Underscoring the strong foreign appetite for family fare, “Madagascar” and “Charlie and the Chocolate Factory” dominated the international box office during a typically mild end-of-summer Sept. 2-4 weekend.
Thanks largely to an impressive Italian debut, UIP’s “Madagascar” led with $12.5 million in 47 territories, while Warner’s “Charlie” took in $10.1 million in 45 markets.
Both pics have been reliable contributors during the second half of the summer, and maintained overall offshore biz at healthy levels.
“Madagascar” has managed to attract audiences from all demographics, while “Charlie” has generated fairly solid biz throughout its run, despite its offbeat themes.
As of Sept. 5, “Madagascar” had grossed $276 million overseas, led by $41 million in Germany and $39.6 million in the United Kingdom. It had turned in respectable performances in every major market, with $22.1 million in France, $19.4 million in Australia, $18.2 million in Mexico, $16.3 million in Spain and $11.6 million in Brazil.
Italy, representing the final major market for the CGI toon, racked up $9.2 million in its first five days. The $6.1 million Friday-Sunday take was six times bigger than the previous winner, “Herbie: Fully Loaded” and repped 70% of the national B.O.
“This film is like food for the starving,” one exhibitor in Southern Italy said of “Madagascar.” “As soon as it was released the audiences realized there was something going on at the movies, and they all wanted to see it.”
It was also the second biggest September release in the Italo market since “Batman Returns” launched 13 years ago.
“‘Madagascar’ is appealing to all audiences, not just kids,” one booker asserts. “We are selling out weeknights, and even lateshows, so we know it isn’t just a family picture, but one that attracts everyone.”
For Italian exhibitors, the “Madagascar” performance was bittersweet, since it underscored their longstanding complaints about lengthy waits for high-profile U.S. pics to arrive.
“All summer we suffered without any films after ‘Batman Begins’ and ‘War of the Worlds,’ ” one groused. “This went on for far too long.”
“Charlie and the Chocolate Factory” used a solid Australian launch of $5.6 million in its first five days to boost its foreign total to $142 million. Oz prospects seem solid given the superb perf in the United Kingdom, where “Charlie” has racked up $61.5 million since debuting on July 29.
French auds have also sparked to “Charlie” with $23.9 million, while results elsewhere have been decent, given the quirky themes of the Tim Burton-Johnny Depp vehicle. Spain has been tasty with a $7.3 million cume, and Mexico has chipped in with $6.3 million.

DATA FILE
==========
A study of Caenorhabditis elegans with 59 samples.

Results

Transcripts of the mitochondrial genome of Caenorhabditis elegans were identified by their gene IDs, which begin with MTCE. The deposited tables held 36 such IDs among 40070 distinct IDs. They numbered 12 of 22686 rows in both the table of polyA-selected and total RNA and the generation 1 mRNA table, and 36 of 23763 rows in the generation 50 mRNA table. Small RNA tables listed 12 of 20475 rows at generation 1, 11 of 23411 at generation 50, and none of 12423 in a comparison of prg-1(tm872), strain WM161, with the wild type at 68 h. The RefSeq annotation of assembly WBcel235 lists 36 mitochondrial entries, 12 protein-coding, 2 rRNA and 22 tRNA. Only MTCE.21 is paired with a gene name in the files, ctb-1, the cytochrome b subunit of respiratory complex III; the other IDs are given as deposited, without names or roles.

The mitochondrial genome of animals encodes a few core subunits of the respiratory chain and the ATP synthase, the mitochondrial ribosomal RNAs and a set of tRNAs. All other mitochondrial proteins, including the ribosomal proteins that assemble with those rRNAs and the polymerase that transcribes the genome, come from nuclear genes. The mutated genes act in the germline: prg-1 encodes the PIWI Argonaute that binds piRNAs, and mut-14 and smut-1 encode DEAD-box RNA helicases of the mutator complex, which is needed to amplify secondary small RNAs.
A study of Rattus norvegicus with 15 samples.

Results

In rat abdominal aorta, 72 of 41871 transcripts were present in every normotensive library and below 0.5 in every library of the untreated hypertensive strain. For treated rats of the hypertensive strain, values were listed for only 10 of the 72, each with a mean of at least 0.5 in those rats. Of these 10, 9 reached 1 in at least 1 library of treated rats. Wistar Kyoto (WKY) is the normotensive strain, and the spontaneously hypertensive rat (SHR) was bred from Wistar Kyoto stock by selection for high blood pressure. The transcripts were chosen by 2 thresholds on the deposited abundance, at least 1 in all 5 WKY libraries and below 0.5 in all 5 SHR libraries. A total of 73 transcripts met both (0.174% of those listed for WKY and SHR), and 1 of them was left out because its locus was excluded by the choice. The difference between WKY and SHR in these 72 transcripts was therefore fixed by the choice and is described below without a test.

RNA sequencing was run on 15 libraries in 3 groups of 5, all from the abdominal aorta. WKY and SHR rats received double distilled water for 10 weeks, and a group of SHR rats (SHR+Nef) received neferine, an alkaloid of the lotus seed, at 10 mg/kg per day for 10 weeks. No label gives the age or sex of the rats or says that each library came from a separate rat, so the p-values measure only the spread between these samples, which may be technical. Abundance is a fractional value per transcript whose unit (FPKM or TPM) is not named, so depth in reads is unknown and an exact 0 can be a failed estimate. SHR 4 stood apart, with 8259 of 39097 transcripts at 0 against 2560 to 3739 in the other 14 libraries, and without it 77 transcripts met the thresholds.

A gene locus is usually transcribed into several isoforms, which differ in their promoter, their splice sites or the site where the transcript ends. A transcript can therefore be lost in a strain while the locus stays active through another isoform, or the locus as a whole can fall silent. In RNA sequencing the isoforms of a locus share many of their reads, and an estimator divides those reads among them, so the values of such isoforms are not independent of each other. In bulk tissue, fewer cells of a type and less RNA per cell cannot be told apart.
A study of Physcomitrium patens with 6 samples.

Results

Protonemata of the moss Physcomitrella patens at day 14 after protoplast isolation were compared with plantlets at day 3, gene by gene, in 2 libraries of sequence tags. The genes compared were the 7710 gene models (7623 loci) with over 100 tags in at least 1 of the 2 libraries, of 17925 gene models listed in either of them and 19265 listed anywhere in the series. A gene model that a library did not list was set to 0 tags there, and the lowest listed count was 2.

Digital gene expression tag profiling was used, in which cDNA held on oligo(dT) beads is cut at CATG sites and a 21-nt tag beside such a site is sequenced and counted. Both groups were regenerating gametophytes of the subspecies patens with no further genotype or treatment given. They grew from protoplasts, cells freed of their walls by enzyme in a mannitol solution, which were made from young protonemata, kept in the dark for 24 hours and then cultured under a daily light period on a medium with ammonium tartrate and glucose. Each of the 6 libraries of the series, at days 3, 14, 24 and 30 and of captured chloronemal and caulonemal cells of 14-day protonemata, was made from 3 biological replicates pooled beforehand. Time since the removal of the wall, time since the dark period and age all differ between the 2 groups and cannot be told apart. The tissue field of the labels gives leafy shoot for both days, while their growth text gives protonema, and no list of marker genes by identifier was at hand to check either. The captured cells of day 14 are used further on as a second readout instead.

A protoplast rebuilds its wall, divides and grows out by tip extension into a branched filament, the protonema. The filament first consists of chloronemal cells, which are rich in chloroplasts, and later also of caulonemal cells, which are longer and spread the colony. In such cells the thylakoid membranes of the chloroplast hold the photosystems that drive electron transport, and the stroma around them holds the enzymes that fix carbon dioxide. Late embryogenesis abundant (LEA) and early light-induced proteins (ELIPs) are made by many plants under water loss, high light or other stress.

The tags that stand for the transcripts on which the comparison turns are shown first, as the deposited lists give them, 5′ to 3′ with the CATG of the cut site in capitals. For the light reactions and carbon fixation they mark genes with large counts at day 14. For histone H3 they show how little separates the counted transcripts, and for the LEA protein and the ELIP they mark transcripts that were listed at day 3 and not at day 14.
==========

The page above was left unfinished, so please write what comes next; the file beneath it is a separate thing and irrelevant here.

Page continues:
Surprisingly, Germany delivered so-so results for “Charlie,” with $4.85 million — slightly below the $4.88 million grossed in Brazil.
Sony’s “Bewitched” flew to $7.1 million in 39 markets, raising the foreign cume to more than $32 million, as the Nicole Kidman comedy continued to deliver adequate rather than socko results. Best performance came in Spain, with a $1.5 million opening.
“Nicole Kidman is, or should always be, a plus for a movie, and in this movie she hasn’t been that,” said one Spanish booker, who noted that “Bewitched” took in the same amount as the third frame of “Mr. & Mrs. Smith” three weeks ago.
European biz was dented considerably by hot weather, particularly in the U.K., where moviegoing was off 6% from the previous weekend and down 3% on the same weekend last year. Blighty exhibs asserted that “The 40-Year-Old Virgin,” which opened in the top spot with $3.2 million at 394, could have gone past $4 million had the weather been more in its favor.
Though “Virgin” star Steve Carell is not a well-known name in the U.K., the pic benefited from good Stateside buzz and some strong reviews. Bookers report solid word of mouth and predict no more than a 30% soph drop-off, with an impressive $10 million final cume.
Nick Love’s third feature “The Business” managed a lukewarm fifth-place finish in its opening, with $978,594 (including $123,382 in previews). Exhibs attribute “The Business’ ” unspectacular opening to poor marketing materials and competition with a televised soccer match, taking away the core audience from the gangster movie.
“Pride and Prejudice” premiered in London on Sept. 5, and received a healthy dose of coverage, making exhibs bullish about the prospects for the Sept. 16 opening. But BVI’s “Cinderella Man” previews were weak, taking in about $170,000 from 284 sites.
Warner’s “The Island” continued to rack up decent overseas grosses, led by nearly $21 million in South Korea, $12.1 million in Japan, $9.1 million in France, $8.8 million in the U.K. and $8.7 million in Spain. Its foreign cume hit $112 million as of Sept. 6 — three times above the mild $35.7 million domestic take.
But “Dukes of Hazzard” remained mostly a non-player in foreign territories, with a feeble $4.75 million cume in a dozen markets after two weeks. In Italy, “Dukes” grossed a meek $279,000 in a smallish opening of 106 playdates.
“Movies based on American TV series have not been successful here,” one booker noted. “There just doesn’t seem to be much audience for such an American-type product.”
(Sheri Jennings in Rome, Archie Thomas in London and Esther De Prado in Madrid contributed to this report.)